FTC Votes Unanimously To Support Biden's Consumer-Friendly Right-To-Repair Policy
We live in a culture where if something breaks, it can sometimes be easier and cheaper to toss it and replace it, then to attempt a do-it-yourself (DIY) repair. That is partially by design—manufacturers have a penchant for making repairs more difficult than they need be. Perhaps not for long, though, with the Federal Communications Commission voting unanimously in favor of adopting policies that would remove some of the roadblocks to DIY repairs.
There is a process involved, and it started earlier this month with President Joe Biden signing an executive order
instructing the FTC to write up rules in favor of right-to-repair policies. Taking a big step in that direction, the FTC this week said it voted 5-0 to approve a policy statement aimed at curbing the practice of making repairs "extremely difficult for purchasers."
Some of those practices on behalf of manufacturers include using adhesive to make parts difficult to replace, limiting the availability of replacement hardware and special tools, and especially as it relates to the automobile industry, making diagnostic software unavailable to users and independent repair shops.
"These types of restrictions can significantly raise costs for consumers, stifle innovation, close off business opportunity for independent repair shops, create unnecessary electronic waste, delay timely repairs, and undermine resiliency," FTC Chair Lina Khan said during an open Commission meeting. "The FTC has a range of tools it can use to root out unlawful repair restrictions, and today’s policy statement would commit us to move forward on this issue with new vigor."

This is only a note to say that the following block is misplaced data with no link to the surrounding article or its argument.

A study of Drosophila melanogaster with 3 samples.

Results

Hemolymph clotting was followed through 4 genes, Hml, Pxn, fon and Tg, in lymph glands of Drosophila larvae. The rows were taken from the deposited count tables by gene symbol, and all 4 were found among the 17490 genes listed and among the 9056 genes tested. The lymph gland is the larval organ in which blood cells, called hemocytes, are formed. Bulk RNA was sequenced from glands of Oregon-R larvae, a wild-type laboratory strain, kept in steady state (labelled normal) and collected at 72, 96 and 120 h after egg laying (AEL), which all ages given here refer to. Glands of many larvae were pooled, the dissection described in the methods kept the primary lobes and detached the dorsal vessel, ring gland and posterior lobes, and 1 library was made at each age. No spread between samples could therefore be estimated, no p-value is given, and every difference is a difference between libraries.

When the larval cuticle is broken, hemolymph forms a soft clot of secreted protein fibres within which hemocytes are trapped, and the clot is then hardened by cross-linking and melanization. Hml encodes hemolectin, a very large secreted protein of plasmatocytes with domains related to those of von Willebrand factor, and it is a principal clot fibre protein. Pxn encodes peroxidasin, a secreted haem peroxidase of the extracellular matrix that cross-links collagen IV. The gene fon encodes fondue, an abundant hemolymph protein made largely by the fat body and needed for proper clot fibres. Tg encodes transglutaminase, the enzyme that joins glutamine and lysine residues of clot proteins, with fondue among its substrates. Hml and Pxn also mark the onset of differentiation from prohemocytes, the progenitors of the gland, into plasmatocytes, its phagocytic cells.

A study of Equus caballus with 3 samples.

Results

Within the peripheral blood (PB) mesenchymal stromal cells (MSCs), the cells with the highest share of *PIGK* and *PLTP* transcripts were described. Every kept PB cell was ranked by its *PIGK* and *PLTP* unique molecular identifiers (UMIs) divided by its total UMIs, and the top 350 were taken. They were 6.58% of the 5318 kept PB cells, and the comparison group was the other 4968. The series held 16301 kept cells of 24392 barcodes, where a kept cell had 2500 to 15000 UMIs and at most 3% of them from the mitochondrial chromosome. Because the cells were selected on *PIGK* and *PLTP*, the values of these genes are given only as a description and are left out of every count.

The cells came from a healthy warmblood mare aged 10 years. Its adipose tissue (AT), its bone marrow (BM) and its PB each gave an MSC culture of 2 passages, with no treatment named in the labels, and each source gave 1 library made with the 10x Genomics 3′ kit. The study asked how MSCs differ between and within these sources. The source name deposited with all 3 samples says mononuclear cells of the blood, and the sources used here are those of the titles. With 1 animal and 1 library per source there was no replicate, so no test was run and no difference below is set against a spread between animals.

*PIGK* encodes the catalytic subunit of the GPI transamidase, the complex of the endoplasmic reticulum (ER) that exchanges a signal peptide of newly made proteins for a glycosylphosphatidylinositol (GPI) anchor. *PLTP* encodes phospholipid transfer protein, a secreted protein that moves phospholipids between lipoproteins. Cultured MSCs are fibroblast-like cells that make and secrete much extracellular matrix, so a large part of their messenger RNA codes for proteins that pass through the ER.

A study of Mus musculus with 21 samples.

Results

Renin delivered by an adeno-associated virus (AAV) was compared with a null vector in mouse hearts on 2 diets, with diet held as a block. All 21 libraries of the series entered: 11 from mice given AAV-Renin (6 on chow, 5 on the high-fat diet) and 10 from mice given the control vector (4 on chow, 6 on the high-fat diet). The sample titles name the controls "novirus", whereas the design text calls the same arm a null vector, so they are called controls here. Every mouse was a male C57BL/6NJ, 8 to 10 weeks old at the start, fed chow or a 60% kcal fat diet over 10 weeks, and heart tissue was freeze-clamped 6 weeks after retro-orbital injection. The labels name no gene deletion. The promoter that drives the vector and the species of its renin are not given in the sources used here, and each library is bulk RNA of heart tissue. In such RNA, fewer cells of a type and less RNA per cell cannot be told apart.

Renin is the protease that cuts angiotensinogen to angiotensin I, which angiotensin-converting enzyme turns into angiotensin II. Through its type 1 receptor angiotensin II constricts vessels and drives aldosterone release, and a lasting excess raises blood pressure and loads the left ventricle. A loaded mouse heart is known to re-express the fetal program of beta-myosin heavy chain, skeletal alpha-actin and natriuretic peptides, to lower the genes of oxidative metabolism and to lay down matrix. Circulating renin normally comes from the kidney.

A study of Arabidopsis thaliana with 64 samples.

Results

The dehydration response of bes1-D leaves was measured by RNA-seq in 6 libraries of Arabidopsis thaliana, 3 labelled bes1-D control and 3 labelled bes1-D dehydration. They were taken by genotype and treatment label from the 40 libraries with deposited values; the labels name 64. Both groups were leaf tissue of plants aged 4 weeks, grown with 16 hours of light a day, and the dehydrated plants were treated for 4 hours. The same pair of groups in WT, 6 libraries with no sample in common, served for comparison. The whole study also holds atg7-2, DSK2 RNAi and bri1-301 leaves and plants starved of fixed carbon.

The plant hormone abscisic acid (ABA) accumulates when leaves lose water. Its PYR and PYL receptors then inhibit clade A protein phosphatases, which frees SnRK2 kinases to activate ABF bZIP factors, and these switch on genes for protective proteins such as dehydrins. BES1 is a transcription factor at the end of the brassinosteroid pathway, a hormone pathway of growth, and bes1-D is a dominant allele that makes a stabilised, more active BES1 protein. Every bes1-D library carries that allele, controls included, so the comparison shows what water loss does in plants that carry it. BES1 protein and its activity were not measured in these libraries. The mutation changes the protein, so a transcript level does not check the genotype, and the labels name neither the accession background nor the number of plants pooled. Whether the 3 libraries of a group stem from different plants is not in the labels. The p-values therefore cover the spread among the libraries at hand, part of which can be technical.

Changes will not happen overnight. That's to say, your smartphone or high-tech vehicle is suddenly going to become easier and cheaper to repair, either on your own or through independent facilities. But the first steps are in place, with the FTC's 5-0 vote
being a key one.
The FTC issued a broader statement on the right-to-repair (PDF)
, where it said unlawful repair restrictions have not take priority among the things it enforces, over the past several years. But with the unanimous vote, the FTC said it will "devote more enforcement resources to combat" unlawful practices aimed at making repairs difficult.
There are four main pillars it mentioned. They include...
- First, the Commission urges the public to submit complaints and provide other information to aid
in greater enforcement of the Magnuson-Moss Warranty Act and its implementing regulations.
- Second, the Commission will scrutinize repair restrictions for violations of the antitrust laws.
- Third, the Commission will assess whether repair restrictions constitute unfair acts or practices,
which are also prohibited by Section 5 of the Federal Trade Commission Act.
- Finally, the Commission will bring an interdisciplinary approach to this issue, using resources
and expertise from throughout the agency to combat unlawful repair restrictions.
The FTC went into more detail in its full statement, but the gist of it is, manufacturers will be operating under the spotlight going forward, as it pertains to a consumer's right to repair
their products. Or put another way, the FTC just put companies like Apple, Samsung, and others on notice.